I know that it’s possible to share a global variable across modules in Python. However, I would like to know the extent to which this is possible and why. For example,
x = None
from global_mod import * class delta: def __init__(self): print x
import mid_access_mod import global_mod class mew: def __init__(self): global_mod.x = 5 def main(): m = mew() d = mid_access_mod.delta()
This prints None, even though all the modules are sharing the global variable x. Why is this the case? It seems like x is evaluated at mid_access_mod.py before it is assigned in bot_modif_mod.py by mew().
This happens because you are using immutable values (ints and None), and importing variables is like passing things by value, not passing things by reference.
If you made global_mod.x a list, and manipulated its first element, it would work as you expect.
When you do
from global_mod import x, you are creating a name
x in your module with the same value as
x has in
global_mod. For things like functions and classes, this works as you would expect, because people (generally) don’t re-assign to those names later.
As Alex points out, if you use
import global_mod, and then
global_mod.x, you will avoid the problem. The name you define in your module will be
global_mod, which always refers to the module you want, and then using attribute access to get at
x will get you the latest value of
from whatever import * is not a good idiom to use in your code — it’s intended for use, if ever, in an interactive session as a shortcut to save some typing. It basically “snapshots” all names from the module at that point in time — if you ever rebind any of those names, the snapshot will have grown stale and all sort of problems will ensue. And that’s only the beginning of the inextricable mess you’re signing up for by using the wretched
from ... import * construct.
Want my advice? Forget you ever heard about that construct existing and never, ever use it again. Use
import global_mod as m and always use thereafter qualified names such as
m.x — qualified names are so much handier and more powerful in Python, than mere barenames, that it ain’t even funny. (The
as m part of the
import statement is totally optional and basically exists for conciseness purposes, or sometimes to work around some issues with name clashes; use it when and if you find it handy, since it has no downsides, but don’t feel forced or even urged to use if when you don’t feel it’s necessary).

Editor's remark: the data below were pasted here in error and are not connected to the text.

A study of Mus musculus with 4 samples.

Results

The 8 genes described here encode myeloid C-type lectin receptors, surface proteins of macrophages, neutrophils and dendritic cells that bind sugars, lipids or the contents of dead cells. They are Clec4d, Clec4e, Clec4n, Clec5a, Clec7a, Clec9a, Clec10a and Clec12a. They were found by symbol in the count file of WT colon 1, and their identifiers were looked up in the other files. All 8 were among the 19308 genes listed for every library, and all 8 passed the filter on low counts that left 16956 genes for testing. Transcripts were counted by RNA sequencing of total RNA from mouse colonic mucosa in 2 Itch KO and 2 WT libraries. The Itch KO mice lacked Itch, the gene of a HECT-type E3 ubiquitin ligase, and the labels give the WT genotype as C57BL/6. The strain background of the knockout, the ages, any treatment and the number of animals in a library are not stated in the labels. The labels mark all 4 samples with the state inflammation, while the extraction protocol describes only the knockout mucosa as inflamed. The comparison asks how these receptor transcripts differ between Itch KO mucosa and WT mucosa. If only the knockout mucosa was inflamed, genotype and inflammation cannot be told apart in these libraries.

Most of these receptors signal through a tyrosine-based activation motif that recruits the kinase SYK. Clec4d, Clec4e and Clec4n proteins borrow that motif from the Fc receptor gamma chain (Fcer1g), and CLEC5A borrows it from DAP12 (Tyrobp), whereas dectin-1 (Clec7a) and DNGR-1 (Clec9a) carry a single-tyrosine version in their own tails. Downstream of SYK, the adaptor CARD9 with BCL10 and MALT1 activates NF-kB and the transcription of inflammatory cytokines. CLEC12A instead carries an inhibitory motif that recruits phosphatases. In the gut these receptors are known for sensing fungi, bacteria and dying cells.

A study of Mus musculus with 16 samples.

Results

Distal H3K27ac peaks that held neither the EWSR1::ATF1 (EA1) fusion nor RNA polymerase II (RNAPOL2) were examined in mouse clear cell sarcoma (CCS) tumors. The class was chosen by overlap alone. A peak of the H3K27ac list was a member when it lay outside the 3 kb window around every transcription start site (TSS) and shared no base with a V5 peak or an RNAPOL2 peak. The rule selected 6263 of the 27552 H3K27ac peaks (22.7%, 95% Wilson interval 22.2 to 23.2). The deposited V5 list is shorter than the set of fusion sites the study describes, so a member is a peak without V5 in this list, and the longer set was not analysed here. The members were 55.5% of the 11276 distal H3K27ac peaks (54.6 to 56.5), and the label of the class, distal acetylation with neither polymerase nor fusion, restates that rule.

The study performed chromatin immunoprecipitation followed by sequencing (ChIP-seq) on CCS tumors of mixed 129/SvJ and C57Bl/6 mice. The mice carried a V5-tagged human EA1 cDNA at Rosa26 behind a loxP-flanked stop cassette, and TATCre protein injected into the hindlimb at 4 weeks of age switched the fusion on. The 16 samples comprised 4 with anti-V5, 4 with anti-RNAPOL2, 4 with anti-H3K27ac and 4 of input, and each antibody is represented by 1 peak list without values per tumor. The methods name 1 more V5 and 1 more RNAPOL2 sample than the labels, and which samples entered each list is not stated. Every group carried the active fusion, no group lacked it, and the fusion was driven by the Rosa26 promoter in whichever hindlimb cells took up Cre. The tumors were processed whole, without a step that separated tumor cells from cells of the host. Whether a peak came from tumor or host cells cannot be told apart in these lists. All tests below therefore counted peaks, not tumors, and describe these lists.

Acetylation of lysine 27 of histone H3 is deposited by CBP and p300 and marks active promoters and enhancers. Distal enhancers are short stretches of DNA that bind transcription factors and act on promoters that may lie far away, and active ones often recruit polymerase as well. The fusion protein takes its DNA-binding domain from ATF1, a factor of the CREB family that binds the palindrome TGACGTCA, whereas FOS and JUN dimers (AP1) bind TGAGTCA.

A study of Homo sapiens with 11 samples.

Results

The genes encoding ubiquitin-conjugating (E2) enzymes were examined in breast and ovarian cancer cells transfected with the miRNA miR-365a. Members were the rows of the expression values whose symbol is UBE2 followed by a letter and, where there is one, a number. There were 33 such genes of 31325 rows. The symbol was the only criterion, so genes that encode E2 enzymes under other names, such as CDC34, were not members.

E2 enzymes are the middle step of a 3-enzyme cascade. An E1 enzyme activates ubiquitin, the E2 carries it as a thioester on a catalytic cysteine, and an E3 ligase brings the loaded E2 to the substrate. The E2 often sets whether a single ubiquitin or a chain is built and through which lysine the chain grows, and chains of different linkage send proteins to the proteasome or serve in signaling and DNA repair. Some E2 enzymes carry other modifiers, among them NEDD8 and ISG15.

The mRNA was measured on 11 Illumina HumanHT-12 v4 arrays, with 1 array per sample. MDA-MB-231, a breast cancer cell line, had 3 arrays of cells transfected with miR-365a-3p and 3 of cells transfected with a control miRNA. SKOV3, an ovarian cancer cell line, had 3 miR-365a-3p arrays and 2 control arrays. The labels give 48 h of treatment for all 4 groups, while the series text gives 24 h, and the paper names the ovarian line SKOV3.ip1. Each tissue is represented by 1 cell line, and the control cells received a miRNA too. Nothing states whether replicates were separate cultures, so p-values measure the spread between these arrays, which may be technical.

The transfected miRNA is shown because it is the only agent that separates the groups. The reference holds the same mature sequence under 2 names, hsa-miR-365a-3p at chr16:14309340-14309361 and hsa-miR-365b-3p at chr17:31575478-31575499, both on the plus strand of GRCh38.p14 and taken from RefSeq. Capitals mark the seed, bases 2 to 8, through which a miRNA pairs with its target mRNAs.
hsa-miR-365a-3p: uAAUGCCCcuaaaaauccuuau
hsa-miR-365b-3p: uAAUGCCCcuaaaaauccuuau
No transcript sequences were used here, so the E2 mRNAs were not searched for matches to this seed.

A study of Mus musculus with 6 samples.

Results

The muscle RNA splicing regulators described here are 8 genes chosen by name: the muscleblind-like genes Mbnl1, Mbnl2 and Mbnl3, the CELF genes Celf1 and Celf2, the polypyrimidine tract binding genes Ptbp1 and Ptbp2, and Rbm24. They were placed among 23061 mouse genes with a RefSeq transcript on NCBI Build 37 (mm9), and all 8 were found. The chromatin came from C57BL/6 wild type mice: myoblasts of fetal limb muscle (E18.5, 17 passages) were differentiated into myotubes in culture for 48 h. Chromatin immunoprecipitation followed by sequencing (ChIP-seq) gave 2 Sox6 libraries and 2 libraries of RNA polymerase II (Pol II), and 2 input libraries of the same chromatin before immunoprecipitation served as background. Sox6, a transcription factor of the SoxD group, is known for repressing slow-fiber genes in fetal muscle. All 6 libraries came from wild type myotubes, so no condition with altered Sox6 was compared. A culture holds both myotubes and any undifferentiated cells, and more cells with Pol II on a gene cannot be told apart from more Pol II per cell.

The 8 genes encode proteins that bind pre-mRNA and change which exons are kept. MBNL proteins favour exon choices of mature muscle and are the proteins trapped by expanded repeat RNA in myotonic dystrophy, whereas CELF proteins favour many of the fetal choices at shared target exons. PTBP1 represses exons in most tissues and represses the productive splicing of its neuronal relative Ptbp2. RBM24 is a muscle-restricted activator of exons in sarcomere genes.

I modified the example to use a list for x, and list assigns (x = ..) as suggested in the top answer, and the print returned the same initial value (None)..This verifies that the “from global_mod import *” is a copy regardless of mutable or not.
As suggested in the comment “import global_mod” works, if “print global_mod.x = is then used in mid_access_mod.
As Ned Batchelder mentioned, only the values are shared and not the actual object. If you want to share an object by reference, then you are probably looking
import threading g = threading.local() g.population = '7 Billion'
Now, whenever you want to access or change the variable g.population, you will get an updated value of it, provided it is the same thread you are trying to access it from.
Read more in the Python documentation:https://docs.python.org/3/library/threading.html#thread-local-data
To solve this problem, just change
from global_mod import * to
And the new mid_access_mod.py will be:
import global_mod class delta: def __init__(self): print global_mod.x
The reason for that could be found here.
Due to the way references and name binding works in Python, if you want to update some symbol in a module, say foo.bar, from outside that module, and have other importing code “see” that change, you have to import foo a certain way.